Topeka man facing federal charges related to Jan. 6 riot has his case transferred

Kansas

FILE – In this Wednesday, Jan. 6, 2021, file photo, violent rioters storm the Capitol, in Washington. New details from the deadly riot of Jan. 6 are contained in a previously undisclosed document prepared by the Pentagon for internal use that was obtained by the Associated Press and vetted by current and former government officials. (AP Photo/John Minchillo, File)

TOPEKA (KSNT) – William Alexander Pope, who pleaded not guilty to charges stemming from the Jan. 6 Capitol riot has had his case transferred to the District of Columbia according to the U.S. District Court for the District of Kansas.

According to the FBI, William Pope faces charges including:

  • Obstruction or impeding any official proceeding
  • Civil disorder
  • Entering and remaining in a restricted building or grounds
  • Disorderly and disruptive conduct in a restricted building or grounds
  • Disorderly conduct in a Capitol building
  • Impeding passage through the Capitol grounds of buildings
  • Parading, demonstrating or picketing in a Capitol building

Pope, who remains released on his own recognizance, appeared in Federal court on July 21. His next conference is set for August 23.

Pope, a former Topeka City Council candidate from the 2019 District 2 seat race, was the third Kansas man taken into custody by the FBI, with two from Olathe arrested earlier this year. The bureau said special agents in Idaho also arrested Pope’s brother, Michael Pope, on the same charges from the riot.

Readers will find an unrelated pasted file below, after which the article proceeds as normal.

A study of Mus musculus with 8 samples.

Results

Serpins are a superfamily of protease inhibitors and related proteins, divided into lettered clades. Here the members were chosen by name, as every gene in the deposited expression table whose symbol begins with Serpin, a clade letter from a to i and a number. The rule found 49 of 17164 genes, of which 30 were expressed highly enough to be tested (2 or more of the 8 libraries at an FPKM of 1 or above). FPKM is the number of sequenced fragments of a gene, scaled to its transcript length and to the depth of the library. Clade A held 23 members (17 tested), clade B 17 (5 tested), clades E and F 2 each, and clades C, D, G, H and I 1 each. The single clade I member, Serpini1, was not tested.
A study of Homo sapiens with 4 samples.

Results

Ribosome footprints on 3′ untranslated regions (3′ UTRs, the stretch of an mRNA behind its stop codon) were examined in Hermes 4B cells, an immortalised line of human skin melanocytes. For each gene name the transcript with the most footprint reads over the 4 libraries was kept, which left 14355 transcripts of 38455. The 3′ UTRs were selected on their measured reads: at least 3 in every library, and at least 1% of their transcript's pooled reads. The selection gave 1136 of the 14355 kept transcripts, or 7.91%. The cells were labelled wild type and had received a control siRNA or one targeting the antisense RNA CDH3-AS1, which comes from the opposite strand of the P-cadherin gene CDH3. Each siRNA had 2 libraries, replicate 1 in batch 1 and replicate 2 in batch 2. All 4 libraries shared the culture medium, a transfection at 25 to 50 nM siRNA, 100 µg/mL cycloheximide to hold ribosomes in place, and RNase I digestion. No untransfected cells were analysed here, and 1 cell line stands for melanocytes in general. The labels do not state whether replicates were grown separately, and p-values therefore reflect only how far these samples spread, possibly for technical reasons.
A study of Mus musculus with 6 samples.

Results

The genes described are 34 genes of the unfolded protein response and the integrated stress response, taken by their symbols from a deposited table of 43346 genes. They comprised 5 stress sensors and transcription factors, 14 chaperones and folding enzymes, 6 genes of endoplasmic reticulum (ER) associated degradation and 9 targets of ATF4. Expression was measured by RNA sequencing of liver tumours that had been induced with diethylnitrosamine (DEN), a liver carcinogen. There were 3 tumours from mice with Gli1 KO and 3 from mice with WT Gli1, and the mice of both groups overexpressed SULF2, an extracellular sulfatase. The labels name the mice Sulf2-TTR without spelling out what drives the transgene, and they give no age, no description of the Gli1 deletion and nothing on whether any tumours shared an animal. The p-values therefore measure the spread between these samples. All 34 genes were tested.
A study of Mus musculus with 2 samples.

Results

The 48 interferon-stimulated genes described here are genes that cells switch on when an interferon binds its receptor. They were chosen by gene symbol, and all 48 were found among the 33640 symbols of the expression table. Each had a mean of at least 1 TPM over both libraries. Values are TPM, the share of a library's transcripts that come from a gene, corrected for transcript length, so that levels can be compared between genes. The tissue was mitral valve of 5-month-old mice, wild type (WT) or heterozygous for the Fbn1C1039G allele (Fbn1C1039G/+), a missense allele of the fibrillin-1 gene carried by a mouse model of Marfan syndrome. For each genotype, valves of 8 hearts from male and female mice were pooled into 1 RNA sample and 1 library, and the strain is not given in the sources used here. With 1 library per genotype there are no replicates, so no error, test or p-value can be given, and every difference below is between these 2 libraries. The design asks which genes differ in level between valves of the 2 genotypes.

William Pope of Topeka is restrained by Capitol police on Jan. 6.

Pope was arrested on Feb. 12 and charged on Feb. 17, 2021. He remained on personal recognizance and had a status conference hearing on June 18, 2021.

On Jan. 8 a witness was interviewed by the FBI and provided a Facebook live video from Pope’s Facebook page. In the video Pope said he was marching to the Capitol and introduced his brother, Michael Pope.

Pope was identified in a screen capture from MSNBC walking in Statuary Hall.

On Jan. 12, William Pope left a message on the FBI internet tip system saying, “I would like to turn myself in. I was in the Capitol on January 6. I did not damage any property or engage in any violence. I am loyal to the United States and was only there to exercise my freedom of speech. I left the building voluntarily.”